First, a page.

JACKSON, Miss. — A federal judge ruled Friday that he will not immediately block Mississippi's unique, multistep process for electing a governor and other statewide officials, which was enacted at a time of Jim Crow segregation to maintain white rule.

However, in a ruling handed down days before Tuesday's election, U.S. District Judge Daniel P. Jordan III wrote that he has "grave concern" about the constitutionality of part of the process. He left open the possibility of further considering a lawsuit that challenges the process — particularly if a person who wins the statewide popular vote could lose an election in the state House of Representatives.

"The Court will not prejudge those issues, but under those circumstances the case would likely proceed to an expedited trial on the merits at least as to the Electoral-Vote Rule," Jordan wrote.

Mississippi's 1890 constitution requires a statewide candidate to win a majority of the popular vote and a majority of electoral vote, with one electoral vote awarded to the top vote-getter in each of the 122 state House districts. If nobody wins both, the election is decided by the House, and representatives are not obligated to vote as their districts did.

The process was written when white politicians across the South were enacting laws to erase black political power gained during Reconstruction, and the separate House vote was promoted as a way for the white ruling class have the final say in who holds office.

African American plaintiffs who sued the state this year have argued that the system unconstitutionally violates the principle of one person, one vote.

Jordan wrote that the plaintiffs' argument about violation of one person, one vote is "arguably ... their strongest claim." The plaintiffs' attorneys argued that the Mississippi system is similar to a Georgia county-unit election rule that was invalidated by a federal court ruling in 1963.

"They're right," Jordan wrote.

Jordan's order Friday denied a preliminary injunction to block the state from using the multistep process in Tuesday's elections. He raised concerns about the timing of the case, noting that Mississippi's election laws "are not merely statutes that can be revised in one legislative session; they are constitutional provisions that require amendment."

"That process cannot occur before the November 2019 votes are counted or within a short time after the election. Indeed, it was already too late when this suit was filed," Jordan wrote. "But based on Plaintiffs' argument during the hearing, it appears the process could be attempted before the next statewide election cycle. If not, then by that time there would presumably have been a trial on the merits, and the Court could craft its own 'remedial plan' if necessary."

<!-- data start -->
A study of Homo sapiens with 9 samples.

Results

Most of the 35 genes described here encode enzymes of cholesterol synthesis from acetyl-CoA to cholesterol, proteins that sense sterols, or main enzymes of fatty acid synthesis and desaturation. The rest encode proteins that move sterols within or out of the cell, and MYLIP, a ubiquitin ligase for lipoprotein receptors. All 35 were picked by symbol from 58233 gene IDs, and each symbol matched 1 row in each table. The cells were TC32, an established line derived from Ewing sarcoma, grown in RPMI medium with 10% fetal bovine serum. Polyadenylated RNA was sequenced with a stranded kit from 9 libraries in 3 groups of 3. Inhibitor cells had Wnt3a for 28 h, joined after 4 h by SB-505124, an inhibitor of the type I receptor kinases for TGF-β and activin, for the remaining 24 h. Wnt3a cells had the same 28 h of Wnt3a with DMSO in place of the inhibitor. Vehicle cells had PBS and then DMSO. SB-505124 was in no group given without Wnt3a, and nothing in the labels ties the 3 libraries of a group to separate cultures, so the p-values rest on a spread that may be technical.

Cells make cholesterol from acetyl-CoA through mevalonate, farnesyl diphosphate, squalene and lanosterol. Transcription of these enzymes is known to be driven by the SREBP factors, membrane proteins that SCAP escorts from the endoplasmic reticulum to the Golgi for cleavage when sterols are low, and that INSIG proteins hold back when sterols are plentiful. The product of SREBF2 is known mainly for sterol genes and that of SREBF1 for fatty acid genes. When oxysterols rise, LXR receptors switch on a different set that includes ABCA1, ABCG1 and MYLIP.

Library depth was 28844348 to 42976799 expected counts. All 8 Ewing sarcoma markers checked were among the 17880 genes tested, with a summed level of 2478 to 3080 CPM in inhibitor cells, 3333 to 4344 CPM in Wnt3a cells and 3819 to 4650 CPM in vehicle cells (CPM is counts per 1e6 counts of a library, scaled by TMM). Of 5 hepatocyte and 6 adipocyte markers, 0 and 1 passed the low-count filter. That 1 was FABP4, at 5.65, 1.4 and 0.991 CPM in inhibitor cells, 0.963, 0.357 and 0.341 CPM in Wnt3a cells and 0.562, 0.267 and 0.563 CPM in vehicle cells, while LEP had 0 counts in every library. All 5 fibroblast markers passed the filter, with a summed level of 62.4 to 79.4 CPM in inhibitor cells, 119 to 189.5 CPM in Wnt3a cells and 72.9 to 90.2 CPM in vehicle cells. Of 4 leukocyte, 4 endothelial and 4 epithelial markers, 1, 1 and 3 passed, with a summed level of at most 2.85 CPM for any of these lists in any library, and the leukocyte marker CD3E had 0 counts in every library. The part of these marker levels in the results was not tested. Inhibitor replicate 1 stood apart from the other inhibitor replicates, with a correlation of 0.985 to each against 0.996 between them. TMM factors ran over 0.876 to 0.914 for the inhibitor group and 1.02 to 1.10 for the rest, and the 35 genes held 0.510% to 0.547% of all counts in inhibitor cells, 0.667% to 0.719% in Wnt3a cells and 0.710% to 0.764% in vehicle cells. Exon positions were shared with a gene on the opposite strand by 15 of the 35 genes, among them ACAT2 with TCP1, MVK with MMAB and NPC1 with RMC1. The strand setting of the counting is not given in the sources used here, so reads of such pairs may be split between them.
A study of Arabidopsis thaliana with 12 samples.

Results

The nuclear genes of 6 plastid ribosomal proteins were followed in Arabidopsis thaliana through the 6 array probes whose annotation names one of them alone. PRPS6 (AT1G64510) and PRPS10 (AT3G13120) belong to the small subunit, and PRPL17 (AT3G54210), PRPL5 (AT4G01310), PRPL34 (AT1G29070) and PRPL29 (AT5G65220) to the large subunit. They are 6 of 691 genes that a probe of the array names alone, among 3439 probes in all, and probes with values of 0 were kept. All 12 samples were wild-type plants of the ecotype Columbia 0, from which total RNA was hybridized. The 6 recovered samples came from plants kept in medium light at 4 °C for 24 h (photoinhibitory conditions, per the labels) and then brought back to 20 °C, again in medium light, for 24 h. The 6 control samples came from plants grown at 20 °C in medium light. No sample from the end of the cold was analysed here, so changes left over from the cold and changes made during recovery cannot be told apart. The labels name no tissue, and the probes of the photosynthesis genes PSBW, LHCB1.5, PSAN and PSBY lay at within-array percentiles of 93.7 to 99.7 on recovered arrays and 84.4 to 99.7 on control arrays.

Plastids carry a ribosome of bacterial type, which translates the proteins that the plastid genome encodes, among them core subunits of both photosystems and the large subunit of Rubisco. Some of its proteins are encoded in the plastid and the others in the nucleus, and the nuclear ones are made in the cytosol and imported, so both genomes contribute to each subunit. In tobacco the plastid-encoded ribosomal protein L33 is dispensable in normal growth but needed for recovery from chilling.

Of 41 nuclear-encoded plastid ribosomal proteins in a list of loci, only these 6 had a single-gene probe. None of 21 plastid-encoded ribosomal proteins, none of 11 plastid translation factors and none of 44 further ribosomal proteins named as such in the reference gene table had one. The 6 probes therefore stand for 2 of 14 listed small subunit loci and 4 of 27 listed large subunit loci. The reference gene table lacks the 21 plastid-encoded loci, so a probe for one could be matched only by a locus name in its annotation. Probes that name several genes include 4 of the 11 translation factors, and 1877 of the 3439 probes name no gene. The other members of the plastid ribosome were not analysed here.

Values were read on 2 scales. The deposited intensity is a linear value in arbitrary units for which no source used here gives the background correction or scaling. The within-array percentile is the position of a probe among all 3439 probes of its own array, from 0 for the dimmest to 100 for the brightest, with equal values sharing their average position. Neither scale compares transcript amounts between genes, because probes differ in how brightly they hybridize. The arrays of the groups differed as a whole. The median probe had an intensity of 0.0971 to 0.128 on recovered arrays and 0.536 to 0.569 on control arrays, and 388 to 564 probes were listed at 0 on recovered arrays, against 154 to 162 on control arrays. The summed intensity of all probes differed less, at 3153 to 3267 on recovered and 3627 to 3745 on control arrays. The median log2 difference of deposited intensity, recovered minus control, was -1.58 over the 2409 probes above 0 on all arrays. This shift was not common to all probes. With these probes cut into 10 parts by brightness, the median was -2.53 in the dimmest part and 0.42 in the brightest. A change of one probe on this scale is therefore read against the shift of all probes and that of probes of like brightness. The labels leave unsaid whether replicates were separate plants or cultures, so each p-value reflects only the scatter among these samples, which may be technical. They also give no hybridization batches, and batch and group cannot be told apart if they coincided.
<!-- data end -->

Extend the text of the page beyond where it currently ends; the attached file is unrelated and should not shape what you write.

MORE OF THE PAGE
Plaintiffs' attorneys said Mississippi's history of racially polarized voting means that candidates preferred by black voters must receive a higher share of the statewide vote to win a majority of House districts.

Jordan wrote he has "grave concern that at least the Electoral-Vote rule is unconstitutional."

One of the plaintiffs' attorneys, Rob McDuff of the Mississippi Center for Justice, also noted that Jordan said the electoral vote rule eventually could cause "irreparable harm."

"If the electoral vote rule is triggered this time around and puts the House of Representatives in a position to decide the election, it is possible the judge would declare it unconstitutional and require that the candidate with the most (popular) votes be declared the winner," McDuff said.

No other state in the U.S. uses such a method to choose governor, and it's rare for a race to be decided by the Mississippi House. That last happened in 1999, when nobody received the required majorities in a four-person race for governor. The top two candidates were white, and each won 61 electoral votes. House members chose the Democrat who had received the most votes. At the time, the House was controlled by Democrats. It is now controlled by Republicans.

The two major-party nominees for governor this year are Republican Lt. Gov. Tate Reeves and Democratic Attorney General Jim Hood. Both are white, but Democrats generally fare well among black voters and Republicans among white ones.

The lawsuit was filed May 30 against two Republican officials — Secretary of State Delbert Hosemann, who is Mississippi's top elections officer, and House Speaker Philip Gunn, who would preside if there's a House vote to decide a statewide race.

Eric Holder, who was the first African American to serve as U.S. attorney general, is now chairman of the National Democratic Redistricting Committee, whose affiliated foundation is providing financial and legal backing for the lawsuit.

"Today's ruling means that nearly 130 years after delegates at the Mississippi Constitutional Convention put in place an electoral device to dilute the voting rights and power of African Americans, we are one giant step closer to a level playing field for every voter in the state," Holder said in a statement Friday.